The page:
I need a village.

It’s those lonely nights spent rocking a baby back to sleep while looking around at the laundry that needs folding, the bills that need paying, and the dogs that need walking when I realize I can’t do this all alone. Well, it’s those nights and those following mornings when I can no longer button my “feeling-fat-today” jeans since I’ve spent the last year stress eating Nutella by the jar and am already 45 minutes late to start the morning routine. Yep, those are the times.

Those are the times I need a village.

I need a village because I can’t do all of this alone.

I can’t keep the tiny humans alive while also holding down a job or running a household. I can’t make nutritionally balanced meals while also trying to clothespin laundry from the doorways and rafters because there’s not enough money to buy a new dryer. I can’t make lasting memories and meaningful connections while I’m too busy crying as I try to wash the dishes.

I need a village to support me, to hold me up and push me forward. I need a village to love my children, love my family, and tolerate this needy stage of my life. I need a village that I can love back, to offer my own support, to know that I’m not alone in this hectic, messy journey of life and that I’ve got people in my corner. Even more than just people, I’ve got a whole village.

I know that I need this village. This help. This support.

But as I look around, my corner seems pretty empty.

I’ve got kids who fill me up, a husband who props me up, and a coffee pot that keeps me up. And the process of asking for help, the help that I need, the open invitation to join my village, is more terrifying than the prospect of running on empty for the next 18+ years.

Did I miss the lesson in the Mom 101 course that covered how to build a village? Do I make yard signs, staple posters on telephone poles, hand out mom-business cards at the grocery store? Place help wanted ads, radio spots, or rent out a square on the local diner’s disposable placemats? Do I need to put on a smelly cartoon character costume and dance at the end of my driveway? What do I even say?

“Wanted: Need humans to form village. Desperate, needy, exhausted, burnt-out mom seeks support. Must love dogs and young children. Pay is nothing, and reciprocation unlikely.”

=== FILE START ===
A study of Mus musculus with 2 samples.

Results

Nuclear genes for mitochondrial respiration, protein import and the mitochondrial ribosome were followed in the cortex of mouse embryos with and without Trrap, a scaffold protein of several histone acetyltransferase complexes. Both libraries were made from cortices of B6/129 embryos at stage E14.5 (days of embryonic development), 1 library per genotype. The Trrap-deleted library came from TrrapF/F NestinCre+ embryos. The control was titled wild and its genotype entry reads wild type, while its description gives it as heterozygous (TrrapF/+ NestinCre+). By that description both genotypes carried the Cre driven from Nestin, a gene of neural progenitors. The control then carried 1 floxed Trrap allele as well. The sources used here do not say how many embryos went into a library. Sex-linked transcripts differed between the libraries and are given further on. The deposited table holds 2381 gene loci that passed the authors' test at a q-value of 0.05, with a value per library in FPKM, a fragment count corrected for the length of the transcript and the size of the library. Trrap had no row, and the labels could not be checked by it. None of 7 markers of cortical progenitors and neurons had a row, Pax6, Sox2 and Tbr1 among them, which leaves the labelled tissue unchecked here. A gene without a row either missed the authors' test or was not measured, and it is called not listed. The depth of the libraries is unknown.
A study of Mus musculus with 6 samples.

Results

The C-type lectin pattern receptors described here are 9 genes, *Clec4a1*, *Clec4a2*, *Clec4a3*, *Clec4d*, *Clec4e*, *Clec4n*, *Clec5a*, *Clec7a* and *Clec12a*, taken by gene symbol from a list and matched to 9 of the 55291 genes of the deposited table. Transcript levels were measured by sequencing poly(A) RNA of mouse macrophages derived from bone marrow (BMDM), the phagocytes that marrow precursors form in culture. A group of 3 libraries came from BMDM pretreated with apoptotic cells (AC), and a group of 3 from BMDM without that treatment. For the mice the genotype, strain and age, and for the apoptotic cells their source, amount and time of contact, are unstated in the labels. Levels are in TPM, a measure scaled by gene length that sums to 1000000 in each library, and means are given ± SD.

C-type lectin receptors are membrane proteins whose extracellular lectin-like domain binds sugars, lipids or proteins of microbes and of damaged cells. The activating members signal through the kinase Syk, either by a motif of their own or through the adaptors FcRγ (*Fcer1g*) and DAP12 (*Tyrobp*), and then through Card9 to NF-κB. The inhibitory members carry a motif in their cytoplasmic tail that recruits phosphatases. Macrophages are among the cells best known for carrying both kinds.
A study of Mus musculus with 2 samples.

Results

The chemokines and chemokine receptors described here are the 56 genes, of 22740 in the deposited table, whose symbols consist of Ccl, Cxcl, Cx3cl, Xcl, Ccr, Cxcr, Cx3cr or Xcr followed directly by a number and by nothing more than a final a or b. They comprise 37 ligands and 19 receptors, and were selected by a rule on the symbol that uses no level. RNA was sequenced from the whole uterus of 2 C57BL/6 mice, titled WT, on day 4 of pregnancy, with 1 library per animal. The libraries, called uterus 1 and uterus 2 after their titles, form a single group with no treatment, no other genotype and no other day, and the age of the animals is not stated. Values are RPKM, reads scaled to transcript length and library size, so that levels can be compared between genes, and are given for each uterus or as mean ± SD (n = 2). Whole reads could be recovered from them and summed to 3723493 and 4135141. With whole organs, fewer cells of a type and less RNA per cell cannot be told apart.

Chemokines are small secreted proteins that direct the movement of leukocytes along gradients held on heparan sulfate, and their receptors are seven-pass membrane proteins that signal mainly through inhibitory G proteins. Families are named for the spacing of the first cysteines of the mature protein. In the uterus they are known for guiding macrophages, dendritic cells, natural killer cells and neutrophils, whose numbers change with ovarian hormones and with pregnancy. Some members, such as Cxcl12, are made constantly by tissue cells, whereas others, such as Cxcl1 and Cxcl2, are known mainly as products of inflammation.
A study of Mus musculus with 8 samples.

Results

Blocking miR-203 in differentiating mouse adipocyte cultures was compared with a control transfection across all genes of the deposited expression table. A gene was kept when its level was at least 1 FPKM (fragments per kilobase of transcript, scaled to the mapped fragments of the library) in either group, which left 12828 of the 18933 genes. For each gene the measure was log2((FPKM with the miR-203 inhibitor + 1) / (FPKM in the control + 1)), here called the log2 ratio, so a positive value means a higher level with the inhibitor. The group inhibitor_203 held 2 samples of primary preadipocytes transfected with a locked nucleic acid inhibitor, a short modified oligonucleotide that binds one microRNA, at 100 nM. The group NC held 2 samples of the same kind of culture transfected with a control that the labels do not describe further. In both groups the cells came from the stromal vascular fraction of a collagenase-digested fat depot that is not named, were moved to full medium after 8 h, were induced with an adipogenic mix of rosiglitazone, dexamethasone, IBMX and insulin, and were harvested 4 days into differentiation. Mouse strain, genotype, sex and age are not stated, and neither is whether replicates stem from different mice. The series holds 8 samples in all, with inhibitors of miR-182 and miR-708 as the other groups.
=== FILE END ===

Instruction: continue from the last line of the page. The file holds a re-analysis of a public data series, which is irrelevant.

I need a village. A tribe. A posse. A hype team. Heck, I’d even settle for an entirely dysfunctional sitcom coffee shop squad. It’d be cool if we had jackets, but I’m trying to keep realistic expectations.

I need people in my corner, next door, and just a few minutes away.

I need moms I can drink wine with after the kiddos fall asleep, moms I can sip Kool-Aid with while we catch up on the latest Paw Patrol episode (don’t pretend you don’t want to see what happens), moms I can eat a bucket of queso with and lament over our “feeling-fat-today” jeans not fitting.

I need grandmothers to rock sick babies to sleep with soothing lullabies and reassurances that I don’t need to rush to the Emergency Department for that fever (and gentle nudges when I do). Grandmothers to plan an overnight stay for me to have a slim chance at a date night. Grandmothers to bake cookies, build forts, and read stories when I’m stuck on an overnight work trip.

I need that neighborly medicine woman who knows when kids are sick and how to help. Who’s seen it all, seems to know it all, and loves all. Who will pat me on my back gently, and murmur “you’re doing a great job” on her way out while texting her village to start a prayer chain.

I need those friends who silently sneak in to switch my laundry and offer to run to the store for a gallon of milk. Friends who text me to remind me to take my vitamins, take a break, and offer to push a stroller as we go on a walk. Friends who know I’m not that great at asking for help and will ask others in our village for me when I’m too afraid or too far down in those trenches to say what I really need.

I need a team that’s four-deep to cover babysitting. I need dads to carpool with and to bring beer to my husband, who’s serving as my one-man village momentarily. Grandfathers to mow the lawn and water the flowers when we’re at the hospital with a sick kiddo. Aunts and uncles to deliver takeout, send “thinking of you” texts, and plan summertime hot dog roasts. Neighbors to deliver meals, smile and wave like they didn’t hear me losing it through the open kitchen window, and offer to walk the dogs.

I moved away from my family, from the village my parents had built for me. And my introverted self has kept me from making lasting relationships in my new home.

And with each kid, I find it harder and harder to raise my hand and say “I need help”.

Because I need more than help, I need a village. I’m overwhelmed and can’t do this alone.

Will you be in my village?


Katelyn Stoll is a mother to three young boys and lives on a farm in rural NY. She navigates the rough waters of postpartum mood disorders using humor, support from her family, and chocolate. Lots of chocolate.